Bank of England governor Mervyn King, who steps down this week, on Tuesday attacked commercial banks for their intense political lobbying against new rules on capital reserves.
King, who will be replaced by former Canadian central bank chief Mark Carney on July 1, told lawmakers that lenders have sought to place "tremendous pressure" on politicians to lean on regulators in a bid to water down demands to strengthen capital levels.
The BoE boss made the comment in his final appearance before parliament's Treasury Select Committee, which is a group of cross-party lawmakers.
King added that there were "certainly calls made to Number 11 (Downing Street) and even in some cases Number 10" to put pressure on the Prudential Regulation Authority (PRA), which is the BoE's banking supervision arm.
10 Downing Street is the official residence of British Prime Minister David Cameron, while finance minister George Osborne lives next door.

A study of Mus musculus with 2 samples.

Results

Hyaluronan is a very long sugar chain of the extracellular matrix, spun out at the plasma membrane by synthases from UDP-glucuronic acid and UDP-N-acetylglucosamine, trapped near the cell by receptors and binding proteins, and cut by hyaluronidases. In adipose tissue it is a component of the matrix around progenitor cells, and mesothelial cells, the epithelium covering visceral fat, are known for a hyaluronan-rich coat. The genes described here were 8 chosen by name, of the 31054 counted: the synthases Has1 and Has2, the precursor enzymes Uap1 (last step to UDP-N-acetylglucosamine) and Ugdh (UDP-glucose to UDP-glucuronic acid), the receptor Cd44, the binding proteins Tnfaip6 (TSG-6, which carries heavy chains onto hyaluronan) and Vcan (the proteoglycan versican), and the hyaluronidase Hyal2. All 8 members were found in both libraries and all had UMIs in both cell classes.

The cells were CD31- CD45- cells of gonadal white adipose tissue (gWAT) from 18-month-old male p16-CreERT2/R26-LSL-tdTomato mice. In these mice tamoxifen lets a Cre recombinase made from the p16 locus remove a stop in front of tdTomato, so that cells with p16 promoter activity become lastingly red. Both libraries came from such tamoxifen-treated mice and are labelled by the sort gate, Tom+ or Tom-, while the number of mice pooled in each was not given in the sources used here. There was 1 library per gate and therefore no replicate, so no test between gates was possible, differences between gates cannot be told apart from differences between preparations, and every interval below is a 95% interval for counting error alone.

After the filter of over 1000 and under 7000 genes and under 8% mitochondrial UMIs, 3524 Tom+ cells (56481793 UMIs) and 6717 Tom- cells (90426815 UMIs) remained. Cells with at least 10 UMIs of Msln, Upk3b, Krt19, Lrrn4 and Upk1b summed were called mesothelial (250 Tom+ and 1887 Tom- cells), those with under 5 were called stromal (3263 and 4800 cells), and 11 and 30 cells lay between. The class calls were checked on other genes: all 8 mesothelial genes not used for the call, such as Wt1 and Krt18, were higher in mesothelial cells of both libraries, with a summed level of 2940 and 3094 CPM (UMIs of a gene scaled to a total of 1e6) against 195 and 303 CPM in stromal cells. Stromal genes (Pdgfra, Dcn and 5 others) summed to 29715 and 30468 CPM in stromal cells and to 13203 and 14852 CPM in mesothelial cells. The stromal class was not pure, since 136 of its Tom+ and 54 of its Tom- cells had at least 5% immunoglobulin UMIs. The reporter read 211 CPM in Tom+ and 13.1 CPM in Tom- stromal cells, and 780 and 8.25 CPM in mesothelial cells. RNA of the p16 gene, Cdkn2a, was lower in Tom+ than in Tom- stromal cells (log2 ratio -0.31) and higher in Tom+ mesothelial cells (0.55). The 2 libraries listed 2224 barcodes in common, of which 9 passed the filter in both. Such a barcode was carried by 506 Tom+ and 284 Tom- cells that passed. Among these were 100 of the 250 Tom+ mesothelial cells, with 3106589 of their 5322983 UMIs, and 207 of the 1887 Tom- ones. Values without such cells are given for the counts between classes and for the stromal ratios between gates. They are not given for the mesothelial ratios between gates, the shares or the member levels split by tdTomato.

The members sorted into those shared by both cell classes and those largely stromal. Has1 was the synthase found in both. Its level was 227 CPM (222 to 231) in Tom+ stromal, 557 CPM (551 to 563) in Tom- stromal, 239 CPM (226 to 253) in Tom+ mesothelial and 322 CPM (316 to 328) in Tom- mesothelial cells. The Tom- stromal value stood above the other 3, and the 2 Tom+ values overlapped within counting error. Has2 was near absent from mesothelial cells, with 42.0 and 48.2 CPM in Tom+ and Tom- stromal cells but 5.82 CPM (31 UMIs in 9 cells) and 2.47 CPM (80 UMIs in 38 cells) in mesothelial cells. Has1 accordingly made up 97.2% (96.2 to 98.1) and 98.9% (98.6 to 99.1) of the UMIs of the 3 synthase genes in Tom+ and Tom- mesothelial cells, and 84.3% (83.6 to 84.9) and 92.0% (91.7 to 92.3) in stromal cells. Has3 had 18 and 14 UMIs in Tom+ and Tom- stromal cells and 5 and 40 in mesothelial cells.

"Very often it was the first response" for banks to contact politicians after they have been in touch with regulators, King said.
Turning to the outlook, he also warned troubles in the wider global economy remained a risk to Britain, with the unfolding credit crunch in China "really quite significant" and the eurozone still battling debt woes.
Last week, the Bank of England's PRA division said that five British banks must together find an extra £13.4 billion (15.7 billion euros, $20.7 billion) to meet international rules on amassing sufficient capital cushions against the threat of future financial crises.
The five lenders included Barclays and bailed-out pair RBS and Lloyds, as well as The Co-operative Bank and Nationwide Building Society.
The PRA had said that the five banks faced a total shortfall of £27.1 billion as of the end of 2012.
The lenders already had plans in place to raise £13.7 billion of capital -- but needed to find another £13.4 billion via asset disposals and internal restructuring, according to the PRA.
This would allow the lenders to have a capital cushion equivalent to at least 7.0 percent of the risks being carried by a bank, as required by so-called Basel Three international rules created in response to the 2008 financial crisis.